U.S. housing starts jump to four-month high
U.S. homebuilding rebounded more than expected in June after declining for three straight months, but construction activity remains constrained by rising lumber prices and labor and land shortages. Housing starts jumped 8.3 percent to a seasonally adjusted annual rate of 1.22 million units, the highest level since February, as both single-family and multi-family construction increased, the Commerce Department said on Wednesday. May’s sales pace was revised up to 1.12 million units from the previously reported 1.09 million units. Economists polled by Reuters had forecast groundbreaking activity rising to a rate of 1.16 million units last month. Homebuilding rose 2.1 percent on a year-on-year basis.
Euro Retreats as ECB Meets; Earnings Boost Stocks: Markets Wrap
The euro retraced some recent gains as European policy makers gathered in Frankfurt before Thursday’s rate decision. The region’s equities got a lift from corporate results, while oil fluctuated. It was a day of reversing trends, with the common currency coming off the highest close since August 2015 as investors weighed the European Central Bank’s plans for stimulus measures and the possibility of a change of tone when the decision is announced. The greenback steadied after the implosion of the U.S. health-care reform bill sent it to the lowest since September a day earlier. The Stoxx Europe 600 Index advanced following its largest drop this month. Electrolux AB and ASML Holding NV were among gainers after reporting earnings. Investors will be closely watching Europe’s central bank — as well as the Bank of Japan — this week for clues on the fate of easy monetary policies that have helped stoke growth and spur equity markets to record highs. Amid mixed economic data, anemic inflation numbers and a U.S. administration struggling to implement its agenda, traders may be forgiven for reassessing hawkish expectations.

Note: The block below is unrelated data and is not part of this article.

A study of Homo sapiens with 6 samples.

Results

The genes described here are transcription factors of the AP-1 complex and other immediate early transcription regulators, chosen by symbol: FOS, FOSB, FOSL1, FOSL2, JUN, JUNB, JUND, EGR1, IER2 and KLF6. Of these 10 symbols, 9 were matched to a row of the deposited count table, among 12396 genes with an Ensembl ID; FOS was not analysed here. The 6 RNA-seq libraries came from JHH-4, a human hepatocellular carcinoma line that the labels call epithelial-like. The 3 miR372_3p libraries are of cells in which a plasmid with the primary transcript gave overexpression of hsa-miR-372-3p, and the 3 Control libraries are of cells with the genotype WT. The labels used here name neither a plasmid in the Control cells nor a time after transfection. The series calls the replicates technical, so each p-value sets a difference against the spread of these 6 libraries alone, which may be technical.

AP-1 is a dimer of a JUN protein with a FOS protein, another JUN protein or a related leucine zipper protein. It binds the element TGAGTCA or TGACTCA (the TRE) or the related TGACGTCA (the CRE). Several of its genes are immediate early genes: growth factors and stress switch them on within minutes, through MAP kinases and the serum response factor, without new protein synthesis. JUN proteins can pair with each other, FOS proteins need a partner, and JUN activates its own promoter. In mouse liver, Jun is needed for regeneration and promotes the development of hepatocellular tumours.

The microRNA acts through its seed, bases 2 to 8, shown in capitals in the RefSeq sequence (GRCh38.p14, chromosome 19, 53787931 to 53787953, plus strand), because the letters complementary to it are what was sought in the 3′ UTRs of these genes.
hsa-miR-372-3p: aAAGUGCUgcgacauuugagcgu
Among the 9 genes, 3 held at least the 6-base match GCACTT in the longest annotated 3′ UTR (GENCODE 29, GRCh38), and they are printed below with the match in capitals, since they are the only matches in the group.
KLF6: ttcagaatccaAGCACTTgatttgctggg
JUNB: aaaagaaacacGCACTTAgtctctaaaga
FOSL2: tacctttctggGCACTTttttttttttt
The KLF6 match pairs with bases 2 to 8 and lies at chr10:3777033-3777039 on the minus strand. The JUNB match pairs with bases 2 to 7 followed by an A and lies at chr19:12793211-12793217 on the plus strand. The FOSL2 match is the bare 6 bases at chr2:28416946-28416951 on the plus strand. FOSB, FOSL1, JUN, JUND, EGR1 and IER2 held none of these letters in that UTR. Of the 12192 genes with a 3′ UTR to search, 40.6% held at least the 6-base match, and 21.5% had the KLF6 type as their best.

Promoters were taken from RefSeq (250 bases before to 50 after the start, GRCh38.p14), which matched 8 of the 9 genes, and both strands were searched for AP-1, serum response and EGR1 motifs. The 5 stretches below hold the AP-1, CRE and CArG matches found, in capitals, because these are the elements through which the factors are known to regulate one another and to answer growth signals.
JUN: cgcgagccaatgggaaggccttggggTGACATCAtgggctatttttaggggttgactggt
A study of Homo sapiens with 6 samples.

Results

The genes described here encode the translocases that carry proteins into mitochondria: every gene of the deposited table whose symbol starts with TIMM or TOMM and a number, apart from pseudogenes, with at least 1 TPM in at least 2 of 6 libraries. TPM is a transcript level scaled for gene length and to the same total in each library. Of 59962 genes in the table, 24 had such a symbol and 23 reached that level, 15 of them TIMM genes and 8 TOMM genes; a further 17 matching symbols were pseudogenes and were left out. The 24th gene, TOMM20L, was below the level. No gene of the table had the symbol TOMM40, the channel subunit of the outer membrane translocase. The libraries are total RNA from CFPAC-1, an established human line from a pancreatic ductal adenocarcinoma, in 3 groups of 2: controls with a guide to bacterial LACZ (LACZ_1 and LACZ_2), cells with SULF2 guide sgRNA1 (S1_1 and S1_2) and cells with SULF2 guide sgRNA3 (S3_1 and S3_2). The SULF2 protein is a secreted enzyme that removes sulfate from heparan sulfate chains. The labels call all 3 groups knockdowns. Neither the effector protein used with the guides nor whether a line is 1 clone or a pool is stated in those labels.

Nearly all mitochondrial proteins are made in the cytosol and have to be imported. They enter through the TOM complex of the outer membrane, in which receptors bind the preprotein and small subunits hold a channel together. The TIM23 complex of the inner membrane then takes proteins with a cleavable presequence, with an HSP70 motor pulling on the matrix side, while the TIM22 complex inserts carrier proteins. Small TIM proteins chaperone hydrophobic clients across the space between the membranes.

China central bank official says new committee set up to coordinate “chaotic” financial market
China’s new financial stability committee will help to coordinate on financial reform and regulation of markets as well as monetary and industrial policy, a central bank official told the official People’s Daily in an interview published Tuesday. The committee was set up because financial oversight in China is not coordinated, said Lu Lei, who heads the financial stability department at the People’s Bank of China (PBOC). There has been a lack of supervision of the market, he said, describing the situation as “full of chaos”. Chinese President Xi Jinping said over the weekend that China would set up a Financial Stability and Development Committee under the State Council, or cabinet. Regulators oversee different parts of China’s complex financial sector, and no singular regulator has complete visibility of capital movements in the system.